Governing Instruments Regional Profile Contacts Participating Countries Website


Millions of people depend on these ecosystems and their resources for food, construction materials and income from tourism-related industries. In some places, using the resources of those ecosystems constitutes the only economic activity.

Over 70% of the population of Central America live on this drier Pacific side, and so it is here where the environmental pressures are the greatest. Forest clearance, over-exploitation of resources, expanding maritime trade, rapid development, poverty, high risk to the effects of natural events, limited capacity to counteract those effects, serious environmental vulnerability and political conflict are rampant.

The result has been widespread loss of plant and animal species, degraded and eroded soils, destruction of biodiversity-rich mangrove areas and pollution of both coastal and inland waters.

Pollution from the land is made potentially even more damaging in the region because of the numerous sheltered bays and gulfs where the natural dispersal of oil and toxic chemicals such as agrochemicals is limited.

In February 2002, the Convention for Cooperation in the Protection and Sustainable Development of the Marine and Coastal Environment of the North-East Pacific (The Antigua Convention) was signed.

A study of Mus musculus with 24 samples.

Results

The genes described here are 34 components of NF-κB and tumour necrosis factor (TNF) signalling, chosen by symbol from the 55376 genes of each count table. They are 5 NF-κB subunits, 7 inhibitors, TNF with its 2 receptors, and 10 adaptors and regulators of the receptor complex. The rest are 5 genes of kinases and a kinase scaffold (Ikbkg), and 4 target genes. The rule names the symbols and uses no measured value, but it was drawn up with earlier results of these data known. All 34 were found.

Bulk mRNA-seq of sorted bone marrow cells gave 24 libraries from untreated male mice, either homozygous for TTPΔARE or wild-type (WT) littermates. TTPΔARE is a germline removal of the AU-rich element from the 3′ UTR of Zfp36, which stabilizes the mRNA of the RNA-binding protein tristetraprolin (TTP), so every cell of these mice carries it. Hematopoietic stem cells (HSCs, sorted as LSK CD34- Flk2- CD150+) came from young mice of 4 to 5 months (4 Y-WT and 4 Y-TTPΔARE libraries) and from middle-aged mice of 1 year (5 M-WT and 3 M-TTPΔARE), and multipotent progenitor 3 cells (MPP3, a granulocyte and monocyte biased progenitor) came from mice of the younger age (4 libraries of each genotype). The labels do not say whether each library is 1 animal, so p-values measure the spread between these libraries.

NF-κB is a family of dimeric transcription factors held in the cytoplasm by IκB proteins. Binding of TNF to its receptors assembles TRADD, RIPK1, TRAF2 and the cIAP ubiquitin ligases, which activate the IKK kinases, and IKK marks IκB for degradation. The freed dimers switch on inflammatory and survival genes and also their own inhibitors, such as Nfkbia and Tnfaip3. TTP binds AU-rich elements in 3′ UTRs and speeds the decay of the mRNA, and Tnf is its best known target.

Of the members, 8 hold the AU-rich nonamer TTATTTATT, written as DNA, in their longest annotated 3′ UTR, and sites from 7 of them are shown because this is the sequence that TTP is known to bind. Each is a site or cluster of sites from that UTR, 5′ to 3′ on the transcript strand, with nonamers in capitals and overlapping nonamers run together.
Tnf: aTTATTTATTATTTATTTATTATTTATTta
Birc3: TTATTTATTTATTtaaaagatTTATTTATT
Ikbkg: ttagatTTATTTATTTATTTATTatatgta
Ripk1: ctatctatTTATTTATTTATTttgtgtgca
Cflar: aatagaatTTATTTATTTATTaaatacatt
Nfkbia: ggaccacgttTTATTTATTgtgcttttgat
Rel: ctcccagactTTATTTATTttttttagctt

The governments also approved an Action Plan detailing how the countries concerned will improve the environment of the North-East Pacific for the benefit of people and wildlife.

Key parts of the plan included: adressing issues of sewage and other pollutants; physical alteration and destruction of coastal ecosystems and habitats; overexploitation of fishery resources; and the effects of eutrophication.


The region is also an important shipping route for vessels sailing from Panama to Alaska, and much of the oil transported from Alaska to the east coast of America transits the Panama Canal or the Laguna de Chiriqui oil pipeline. Moreover, the region still has a troubled legacy to overcome.

In the 1980s, Central America was gripped by a profound political and economic crisis marked by an accumulated 18.3% decline in per capita gross domestic product. The end of the Cold War something over a decade ago may have ended the major conflicts afflicting the region, but its legacy of poverty endures.